Saturday, September 13, 2014

The Humility of God

OT – Feast of the Exaltation of the Holy Cross                          September 14, 2014
Nm 21:4-9                 Ps 78              Phil 2:6-11                Jn 3:13-17

The humility of God.  Have you ever stopped to think about the virtue of humility in God?  Usually when we think of God, we think of things like all knowing, all-powerful, all present.  Qualities of God that are mysterious and transcendent.  But humility?  We don’t often think of the virtue of humility in God.  St. Paul reflected on this in his letter to the Philippians.  The example of Jesus is the humility of God par-excellence.  Consider the story of Jesus.

The King of Kings and the Lord of Lords was not born in a palace.  Instead, he was born in Bethlehem, away from the family home in Nazareth.  There was no room in the Inn so he was born in a barn.  Most of the world didn’t even notice – except for a group of shepherds working 2nd shift – nighttime duty guarding the flocks of sheep.  They were the ones who had a vision of angels and were invited to visit Mary, Joseph, and the baby Jesus.  He had a humble birth.

The Savior of the World spent most of his life as a construction worker.  The word in Greek is “tekton” – a builder or carpenter - someone with mastery of construction techniques using wood or even stone.  He lived a humble and rather ordinary life as a regular worker.

His career as a preacher was brilliant but short.  Three very consequential yet short years, gathering disciples, teaching, proclaiming the kingdom of God with many signs and wonders.  And after three short years the human family, led by a coalition of religious leaders and political leaders, conspired, lied, and condemned him to a cruel death.  And Jesus, the son of the living God, the second person of the Holy Trinity, became obedient to death, even death on a cross.  He was brutally executed, stripped naked, and left to die nailed to a cross.  Humanity did this to him.  Our sins did this to him.  He died not just a humble death, but also a humiliating death.  It is amazing, isn’t it?  The humility of God. 

God continues to come to us in humility.  At this Mass we gathered in the name of Jesus.  And Jesus told us that “where two or three are gathered together in my name, there I am in the midst of them.”  He is present to us, here among us, in such a humble way.  Jesus walks with us on our journey through life by being present in his church.  It is a humble and quiet presence.  Do we notice him?

At this Mass we gather to listen to the Word of God.  The gospel of John tells us that Jesus is “the word made flesh.”  And so he speaks to us when we read and reflect on sacred scripture.  It is a humble voice.  Do we listen to him?

At this Mass we come to the altar to receive the Eucharist.  Jesus is present to us in his body and blood, soul and divinity, through very ordinary bread and wine.  So very humble and ordinary so that we can receive him.  It is a humble and accessible presence.  Do we receive him?  God continues to come to us in humility.

God calls us to be humble like him.  Loving like him.  Self-sacrificial like him.  And it isn’t easy.   Like the Israelites in the first reading, we human beings tend to complain.  We tend to accuse God.  Our patience gets worn out.  Our pride gets in the way.  And these things always turn around to bite us, just like those seraph serpents in the story.  Like Nicodemus in the gospel, we misunderstand God’s ways.  Our own learning – little as it is – gets in the way.  We end up in the dark about spiritual things; unsure about what God is actually doing.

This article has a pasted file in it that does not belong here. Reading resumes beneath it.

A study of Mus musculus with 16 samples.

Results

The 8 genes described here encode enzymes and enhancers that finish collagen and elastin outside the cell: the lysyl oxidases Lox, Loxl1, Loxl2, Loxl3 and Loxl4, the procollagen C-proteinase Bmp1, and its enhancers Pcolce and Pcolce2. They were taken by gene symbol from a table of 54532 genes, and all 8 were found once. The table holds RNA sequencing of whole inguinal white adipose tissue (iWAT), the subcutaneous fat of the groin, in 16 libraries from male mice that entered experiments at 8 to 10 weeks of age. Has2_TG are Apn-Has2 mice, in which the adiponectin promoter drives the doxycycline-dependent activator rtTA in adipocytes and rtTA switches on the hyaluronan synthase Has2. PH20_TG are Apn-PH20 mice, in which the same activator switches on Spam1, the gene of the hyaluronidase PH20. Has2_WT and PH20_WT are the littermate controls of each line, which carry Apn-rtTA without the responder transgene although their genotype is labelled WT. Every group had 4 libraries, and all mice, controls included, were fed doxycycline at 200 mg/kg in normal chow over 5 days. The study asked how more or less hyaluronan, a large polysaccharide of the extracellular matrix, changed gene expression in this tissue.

But God calls out to us to become humble.  It all begins by truly acknowledging God in our lives.  Jesus told Nicodemus how to do it in these words.  “God so loved the world that he gave his only Son, so that everyone who believes in him might not perish but might have eternal life.” 

Be humble by believing in Jesus.  Now, believing in Jesus doesn’t mean merely acknowledging his historical existence.  Even demons acknowledge his existence.  But believing means taking to heart his gospel and living it out.  Believing means putting our faith in him.  Believing means trusting him, even when conditions are dire, like the conditions were for the Israelites in the desert.  They flunked that test in a big way.  When we are put to the test, will we also flunk it?  Be humble by believing in Jesus and trusting in him.

Be humble by repenting of sin.  These were the very first words of Jesus in proclaiming the gospel.  Repent and believe, the kingdom of God is near.  How long has it been since you’ve been to confession?  How often do you receive this great sacrament of God’s love and mercy?  Jesus calls us once again to humble ourselves and repent of sin.

Be humble by worshipping Jesus.  St. Paul describes this in the 2nd reading when he wrote “at the name of Jesus every knee should bend, of those in heaven and on earth and under the earth, and every tongue confess that Jesus Christ is Lord, to the glory of God the Father.”  Regularly draw near to Jesus through liturgy, personal prayer, and loving service.  When we are close to Jesus, we recognize him when he comes to us.  And when we are close to Jesus, then we are loyal to him, we believe in him, and we love him.  Be humble by submitting our lives to Jesus and worshipping him.  God calls us to be humble, just like him.

We honor and exalt the cross of Jesus today, the ultimate symbol of his humility and love.  We unite the crosses we carry with his cross.  Let us declare that we believe in him, we repent of our sins, and we worship him.  And so we wait in joyful hope for the coming of our Lord and Savior, Jesus Christ.